A Harvard study reveals that money can actually buy happiness, if you do this one thing


It makes sense.

But what if money can help you buy more time which relieves stress and increases your feeling of well-being?

If you are a successful professional, earn a good income, have a great lifestyle yet are always pressed for time, the following study will be relevant to you.

 

The study, led by researchers at the University of British Columbia and Harvard Business School, suggests that money does buy happiness if it is used to buy services that gives you more free time, like paying someone to do your chores.

Going from the premise that around the world, increases in wealth have produced an unintended rising sense of time scarcity, the researchers hypothesized that using money to buy free time, could reduce the negative effects of feeling time pressure and so promote well-being.

The researchers surveyed more than 6,000 adults in the United States, Denmark, Canada and the Netherlands on (1) how much they spent each month to buy themselves free time, (2) their life satisfaction levels and (3) their levels of time stress.

The research results showed that people who spend money on time-saving services, like getting someone to do the house cleaning or cooking, reported greater life satisfaction.

What surprised the researchers is that this result didn’t exclusively apply to people who had disposable income to spend on services that provided them with free time.

“The benefits of buying time aren’t just for wealthy people,” said UBC psychology professor and the study’s senior author Elizabeth Dunn. “We thought the effects might only hold up for people with quite a bit of disposable income, but to our surprise, we found the same effects across the income spectrum.”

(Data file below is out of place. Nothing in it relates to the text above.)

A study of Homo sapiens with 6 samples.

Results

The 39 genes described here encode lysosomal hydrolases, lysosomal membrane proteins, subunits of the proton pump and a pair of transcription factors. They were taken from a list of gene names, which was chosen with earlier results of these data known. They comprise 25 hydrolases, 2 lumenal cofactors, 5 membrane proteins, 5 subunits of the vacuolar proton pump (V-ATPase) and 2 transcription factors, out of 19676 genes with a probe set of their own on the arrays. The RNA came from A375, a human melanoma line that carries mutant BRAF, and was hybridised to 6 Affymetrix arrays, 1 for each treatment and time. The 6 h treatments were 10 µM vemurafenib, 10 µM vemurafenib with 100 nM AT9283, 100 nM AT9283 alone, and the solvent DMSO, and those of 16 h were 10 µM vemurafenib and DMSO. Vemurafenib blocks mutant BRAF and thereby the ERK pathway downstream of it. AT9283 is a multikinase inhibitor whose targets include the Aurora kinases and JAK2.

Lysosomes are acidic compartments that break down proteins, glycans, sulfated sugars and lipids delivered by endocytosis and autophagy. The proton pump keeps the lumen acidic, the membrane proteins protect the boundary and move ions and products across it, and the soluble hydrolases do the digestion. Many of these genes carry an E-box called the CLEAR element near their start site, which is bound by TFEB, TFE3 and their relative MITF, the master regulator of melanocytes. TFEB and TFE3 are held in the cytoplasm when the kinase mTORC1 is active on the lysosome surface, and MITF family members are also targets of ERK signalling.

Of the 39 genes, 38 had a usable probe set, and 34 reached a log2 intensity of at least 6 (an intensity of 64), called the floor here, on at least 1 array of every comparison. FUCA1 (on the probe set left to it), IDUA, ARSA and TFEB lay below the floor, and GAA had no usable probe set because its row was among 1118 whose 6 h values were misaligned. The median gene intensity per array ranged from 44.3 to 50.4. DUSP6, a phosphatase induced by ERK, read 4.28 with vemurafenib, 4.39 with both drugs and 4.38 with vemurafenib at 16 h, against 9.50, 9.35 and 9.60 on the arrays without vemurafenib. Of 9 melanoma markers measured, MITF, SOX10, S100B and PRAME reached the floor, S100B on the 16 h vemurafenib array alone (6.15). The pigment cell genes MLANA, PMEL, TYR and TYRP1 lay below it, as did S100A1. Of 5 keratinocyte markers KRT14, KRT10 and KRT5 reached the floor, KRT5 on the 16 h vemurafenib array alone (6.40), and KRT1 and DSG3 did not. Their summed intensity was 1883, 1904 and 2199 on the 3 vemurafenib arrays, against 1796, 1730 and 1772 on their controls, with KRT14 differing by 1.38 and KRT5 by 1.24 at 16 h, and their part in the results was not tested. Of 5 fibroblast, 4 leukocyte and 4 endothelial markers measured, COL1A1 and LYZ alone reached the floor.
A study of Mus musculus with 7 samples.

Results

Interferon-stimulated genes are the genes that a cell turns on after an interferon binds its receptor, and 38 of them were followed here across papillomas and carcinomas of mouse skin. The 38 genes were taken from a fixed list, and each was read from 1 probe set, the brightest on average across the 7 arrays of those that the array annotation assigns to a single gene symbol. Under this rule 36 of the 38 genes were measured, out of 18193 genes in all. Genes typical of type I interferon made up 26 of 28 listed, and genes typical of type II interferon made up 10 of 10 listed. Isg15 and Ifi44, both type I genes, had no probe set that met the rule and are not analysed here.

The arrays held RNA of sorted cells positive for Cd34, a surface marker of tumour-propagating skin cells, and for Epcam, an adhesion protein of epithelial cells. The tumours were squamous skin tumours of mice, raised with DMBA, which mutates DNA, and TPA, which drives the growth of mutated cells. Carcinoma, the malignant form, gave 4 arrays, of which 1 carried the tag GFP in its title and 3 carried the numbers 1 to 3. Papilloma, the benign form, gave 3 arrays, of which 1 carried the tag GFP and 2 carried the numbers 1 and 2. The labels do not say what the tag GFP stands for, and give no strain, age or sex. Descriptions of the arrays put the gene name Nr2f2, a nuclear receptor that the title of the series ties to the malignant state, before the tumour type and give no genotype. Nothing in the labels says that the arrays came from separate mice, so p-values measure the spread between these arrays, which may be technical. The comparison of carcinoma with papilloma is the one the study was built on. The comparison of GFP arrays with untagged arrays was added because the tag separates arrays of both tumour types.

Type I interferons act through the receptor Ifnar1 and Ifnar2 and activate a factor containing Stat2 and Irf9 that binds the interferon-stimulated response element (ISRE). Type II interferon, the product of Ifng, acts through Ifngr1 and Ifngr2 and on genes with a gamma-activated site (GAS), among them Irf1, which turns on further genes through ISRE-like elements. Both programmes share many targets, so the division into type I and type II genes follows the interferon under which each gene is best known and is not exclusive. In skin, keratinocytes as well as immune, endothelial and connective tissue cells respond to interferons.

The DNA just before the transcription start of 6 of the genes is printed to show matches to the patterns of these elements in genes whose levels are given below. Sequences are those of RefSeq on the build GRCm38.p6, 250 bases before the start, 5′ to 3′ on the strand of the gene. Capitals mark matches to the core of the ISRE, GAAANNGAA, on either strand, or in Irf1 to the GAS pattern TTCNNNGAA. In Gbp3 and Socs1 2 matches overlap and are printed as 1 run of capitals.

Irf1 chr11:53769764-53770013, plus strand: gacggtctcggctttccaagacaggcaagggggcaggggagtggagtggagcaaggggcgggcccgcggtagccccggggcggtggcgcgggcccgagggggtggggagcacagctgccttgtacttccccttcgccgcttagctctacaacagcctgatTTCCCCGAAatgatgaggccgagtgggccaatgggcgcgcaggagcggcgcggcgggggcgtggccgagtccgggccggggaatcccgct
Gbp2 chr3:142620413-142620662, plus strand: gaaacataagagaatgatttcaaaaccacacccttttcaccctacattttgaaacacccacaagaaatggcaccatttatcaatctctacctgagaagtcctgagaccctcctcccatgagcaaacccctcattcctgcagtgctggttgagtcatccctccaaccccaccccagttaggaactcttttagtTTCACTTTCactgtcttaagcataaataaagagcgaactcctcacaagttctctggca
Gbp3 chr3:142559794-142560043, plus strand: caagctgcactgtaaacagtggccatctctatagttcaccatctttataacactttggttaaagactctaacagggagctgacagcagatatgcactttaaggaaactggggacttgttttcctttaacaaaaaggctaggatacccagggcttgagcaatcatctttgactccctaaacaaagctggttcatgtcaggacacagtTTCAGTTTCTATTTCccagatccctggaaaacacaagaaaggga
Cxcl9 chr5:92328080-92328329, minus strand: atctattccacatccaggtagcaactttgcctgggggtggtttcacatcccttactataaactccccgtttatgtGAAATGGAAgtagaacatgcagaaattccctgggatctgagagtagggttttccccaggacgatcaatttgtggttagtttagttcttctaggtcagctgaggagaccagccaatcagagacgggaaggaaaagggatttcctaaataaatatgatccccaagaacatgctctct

That’s not all.

The researchers also conducted a field test. They recruited 60 working adults from Vancouver, Canada and gave them two payments of $40 to spend on two consecutive weekends. They were randomly assigned to spend the money on a time saving purchase on the one weekend and on a material purchase the other weekend.

This is what happened:

People reported feeling happier after spending money on help with chores that gave them more free time than spending money on something material.

Here’s the kicker:

People don’t spend money on making life easier for themselves.

Almost half of the 818 Dutch millionaires that were surveyed said that they never spent money on services that would allow them to avoid chores. And out of a further sample of 98 working adults only 2 percent reported that they would spend an expendable $40 on free time.

Why would people not spend money on services that would give them more free time to enjoy as they wish? That’s the million dollar question.

“Although buying time can serve as a buffer against the time pressures of daily life, few people are doing it even when they can afford it,” said Dunn. “Lots of research has shown that people benefit from buying their way into pleasant experiences, but our research suggests people should also consider buying their way out of unpleasant experiences.”